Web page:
Tips for Students on how to Behave in Class from a Teacher

Working as a primary school teacher in England I’ve discovered the secret to staying out of trouble in class is letting the teacher get on with teaching, and the other students get on with learning. If the behavior of an individual disrupts teaching or learning, trouble will no doubt ensue.

Teachers understand that every child in a class is working at their own level, both in terms of behavior and academic ability. Any student that consistently tries hard to improve themselves will stay in the teacher’s good book. Teachers love effort.

There is great pressure on teachers to improve the grades of their students, and barely enough lesson time to cover the curriculum. Teachers find it very frustrating to waste this valuable learning time dealing with petty disagreements and inappropriate behavior.

To help the children in my class know exactly what I expect from them I have six ‘Golden Rules’, which if followed, ensure students stay out of trouble.

‘Never put yourself or others in danger.’
Everyone, including staff, have a right to feel safe in school. It is impossible for anyone to learn effectively if this basic human requirement isn’t met.

‘Respect yourself, others and the school.’
A little care and consideration for the property and feelings of others can stop many potential problems from happening.

‘Always empty your hands and sit in silence when the teacher is talking.’
It is vital that everyone in a class has the chance to listen carefully to key parts of a lesson.

‘Always work quietly unless you have been asked not to.’
Although it is important to give children opportunities to work in groups and discuss topics, they must understand how to work sensibly without distracting others. Chatting instead of working is responsible for many unfinished pieces of work and lessons overrunning.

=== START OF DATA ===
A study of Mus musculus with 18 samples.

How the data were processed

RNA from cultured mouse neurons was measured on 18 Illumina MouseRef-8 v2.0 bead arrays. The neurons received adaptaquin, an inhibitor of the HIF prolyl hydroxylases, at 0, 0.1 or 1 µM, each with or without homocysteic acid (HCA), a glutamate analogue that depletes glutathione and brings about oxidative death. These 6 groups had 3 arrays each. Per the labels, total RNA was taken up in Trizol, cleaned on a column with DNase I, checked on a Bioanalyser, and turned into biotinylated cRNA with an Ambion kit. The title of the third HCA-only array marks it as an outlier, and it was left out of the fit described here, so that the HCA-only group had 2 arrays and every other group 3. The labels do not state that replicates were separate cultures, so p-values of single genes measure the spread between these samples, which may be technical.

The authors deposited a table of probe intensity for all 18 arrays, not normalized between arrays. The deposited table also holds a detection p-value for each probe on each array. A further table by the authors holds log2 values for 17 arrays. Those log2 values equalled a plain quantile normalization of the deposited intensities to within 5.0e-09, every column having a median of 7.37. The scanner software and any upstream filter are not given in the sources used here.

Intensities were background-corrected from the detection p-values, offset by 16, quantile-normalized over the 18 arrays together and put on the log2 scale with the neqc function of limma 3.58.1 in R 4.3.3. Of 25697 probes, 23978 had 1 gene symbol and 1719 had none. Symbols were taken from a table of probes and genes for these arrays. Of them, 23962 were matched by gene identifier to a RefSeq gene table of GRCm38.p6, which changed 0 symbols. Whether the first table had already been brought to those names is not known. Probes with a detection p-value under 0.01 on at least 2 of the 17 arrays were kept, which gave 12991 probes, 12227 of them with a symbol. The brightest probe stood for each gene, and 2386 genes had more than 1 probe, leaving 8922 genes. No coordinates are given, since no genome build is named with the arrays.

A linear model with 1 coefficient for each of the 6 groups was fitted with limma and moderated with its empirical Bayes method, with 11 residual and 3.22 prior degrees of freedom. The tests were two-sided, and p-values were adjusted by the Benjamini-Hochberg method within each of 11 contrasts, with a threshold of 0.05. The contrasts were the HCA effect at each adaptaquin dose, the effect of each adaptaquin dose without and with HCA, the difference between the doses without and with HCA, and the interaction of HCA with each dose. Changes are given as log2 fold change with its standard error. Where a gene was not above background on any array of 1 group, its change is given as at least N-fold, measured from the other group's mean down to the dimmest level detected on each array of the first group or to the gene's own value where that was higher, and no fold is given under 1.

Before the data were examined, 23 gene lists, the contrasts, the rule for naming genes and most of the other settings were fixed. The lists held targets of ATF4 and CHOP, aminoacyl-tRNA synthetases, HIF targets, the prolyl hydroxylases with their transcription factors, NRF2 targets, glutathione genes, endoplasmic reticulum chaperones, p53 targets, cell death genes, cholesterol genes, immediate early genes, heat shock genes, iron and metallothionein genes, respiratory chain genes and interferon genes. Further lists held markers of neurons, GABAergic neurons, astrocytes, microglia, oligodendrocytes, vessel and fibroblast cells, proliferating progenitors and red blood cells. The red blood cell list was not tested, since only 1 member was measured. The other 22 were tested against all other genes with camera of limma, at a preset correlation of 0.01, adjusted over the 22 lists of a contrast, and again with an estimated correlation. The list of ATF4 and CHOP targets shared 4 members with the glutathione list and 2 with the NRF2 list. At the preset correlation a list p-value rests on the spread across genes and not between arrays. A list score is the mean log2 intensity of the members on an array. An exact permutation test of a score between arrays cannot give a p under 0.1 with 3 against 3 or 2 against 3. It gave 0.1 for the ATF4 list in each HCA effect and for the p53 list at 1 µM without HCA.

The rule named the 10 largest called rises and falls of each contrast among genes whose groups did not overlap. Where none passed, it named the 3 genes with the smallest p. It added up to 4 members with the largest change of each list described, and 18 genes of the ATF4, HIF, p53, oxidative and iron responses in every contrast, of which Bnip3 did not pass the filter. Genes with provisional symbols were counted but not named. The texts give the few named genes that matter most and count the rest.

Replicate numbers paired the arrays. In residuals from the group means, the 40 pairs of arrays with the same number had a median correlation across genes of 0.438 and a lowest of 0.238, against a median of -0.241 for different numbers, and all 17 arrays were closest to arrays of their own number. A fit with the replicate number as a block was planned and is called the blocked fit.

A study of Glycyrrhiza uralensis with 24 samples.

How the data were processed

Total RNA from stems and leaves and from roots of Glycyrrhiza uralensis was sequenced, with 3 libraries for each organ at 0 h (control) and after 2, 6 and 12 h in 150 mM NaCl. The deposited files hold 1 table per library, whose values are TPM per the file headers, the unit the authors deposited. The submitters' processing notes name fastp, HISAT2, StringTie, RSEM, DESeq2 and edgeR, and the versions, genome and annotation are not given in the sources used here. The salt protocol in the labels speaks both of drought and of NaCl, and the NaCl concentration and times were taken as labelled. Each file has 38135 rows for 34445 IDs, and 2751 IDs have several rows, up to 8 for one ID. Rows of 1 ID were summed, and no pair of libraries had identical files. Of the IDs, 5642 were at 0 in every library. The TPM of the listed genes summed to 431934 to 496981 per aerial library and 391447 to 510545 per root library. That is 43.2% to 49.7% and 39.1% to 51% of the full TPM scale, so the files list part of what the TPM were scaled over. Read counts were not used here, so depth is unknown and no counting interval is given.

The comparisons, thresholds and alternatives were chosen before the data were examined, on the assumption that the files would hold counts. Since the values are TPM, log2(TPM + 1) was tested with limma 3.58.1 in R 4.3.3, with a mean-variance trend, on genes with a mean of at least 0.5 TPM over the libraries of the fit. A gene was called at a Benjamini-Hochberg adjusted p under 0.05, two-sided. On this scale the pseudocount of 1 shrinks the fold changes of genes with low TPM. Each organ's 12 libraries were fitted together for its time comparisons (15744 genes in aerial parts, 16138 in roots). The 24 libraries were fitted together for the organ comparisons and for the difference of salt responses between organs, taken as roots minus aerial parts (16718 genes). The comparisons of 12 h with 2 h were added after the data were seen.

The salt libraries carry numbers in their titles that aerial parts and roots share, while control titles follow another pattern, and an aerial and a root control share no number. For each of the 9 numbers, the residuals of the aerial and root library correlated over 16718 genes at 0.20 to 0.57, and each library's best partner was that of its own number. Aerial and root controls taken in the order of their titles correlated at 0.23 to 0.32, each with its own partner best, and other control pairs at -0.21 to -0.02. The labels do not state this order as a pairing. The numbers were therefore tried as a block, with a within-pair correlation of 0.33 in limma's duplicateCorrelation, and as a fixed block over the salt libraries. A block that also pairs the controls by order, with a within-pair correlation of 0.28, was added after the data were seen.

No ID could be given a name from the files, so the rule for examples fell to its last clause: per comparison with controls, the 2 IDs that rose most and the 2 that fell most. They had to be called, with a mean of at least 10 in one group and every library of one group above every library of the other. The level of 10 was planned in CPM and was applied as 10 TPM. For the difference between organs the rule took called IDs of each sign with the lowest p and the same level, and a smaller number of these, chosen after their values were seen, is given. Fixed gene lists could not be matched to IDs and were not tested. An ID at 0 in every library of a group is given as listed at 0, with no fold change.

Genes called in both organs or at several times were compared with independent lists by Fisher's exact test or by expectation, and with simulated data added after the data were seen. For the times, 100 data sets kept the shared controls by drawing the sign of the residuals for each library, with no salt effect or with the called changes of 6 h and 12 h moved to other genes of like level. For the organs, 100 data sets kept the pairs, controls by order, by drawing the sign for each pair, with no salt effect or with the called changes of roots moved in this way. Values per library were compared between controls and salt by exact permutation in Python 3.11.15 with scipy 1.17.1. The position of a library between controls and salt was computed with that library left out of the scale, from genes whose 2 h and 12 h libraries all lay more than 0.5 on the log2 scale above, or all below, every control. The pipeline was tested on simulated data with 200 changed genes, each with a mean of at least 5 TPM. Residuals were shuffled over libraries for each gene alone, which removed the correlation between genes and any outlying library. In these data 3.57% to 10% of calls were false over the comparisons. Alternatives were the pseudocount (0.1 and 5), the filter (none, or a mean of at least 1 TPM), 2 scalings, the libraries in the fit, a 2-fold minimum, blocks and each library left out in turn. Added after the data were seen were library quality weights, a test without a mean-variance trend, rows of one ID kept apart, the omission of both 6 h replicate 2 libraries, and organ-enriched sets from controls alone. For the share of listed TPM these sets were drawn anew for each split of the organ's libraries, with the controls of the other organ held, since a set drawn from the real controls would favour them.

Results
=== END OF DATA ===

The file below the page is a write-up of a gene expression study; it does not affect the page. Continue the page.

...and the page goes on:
‘Always put your hand up when you want to speak.’
With more than thirty people in a room no-one would get heard if everyone spoke at once. Teachers often direct specific questions to certain students or groups to test their understanding, and don’t appreciate answers being called out from across the other side of the room.

‘Always stay in your chair unless you have asked for permission to get up.’
Classrooms can be dangerous places with chair legs to trip over and desk corners to bang heads on, not to mention the distraction of people wandering around.

Students should also remember that there are several benefits to behaving well in class. Teachers are much more likely to plan more fun, interesting or practical lessons if they can trust the class to behave appropriately. It is usually the most enjoyable lessons, like art, music or P.E. that get scrapped if extra time is needed to complete the work for the more mundane academic subjects.
Perhaps the biggest benefit of all is that if students behave well they will learn more to help them achieve their goals in later life.

Rather than just trying to stay out of trouble, why not strive for excellence? Teachers really like it when students go the extra mile to help or show kindness to others, make positive contributions to class discussions, try to answer questions even if unsure about the answer and ask for help when they need it.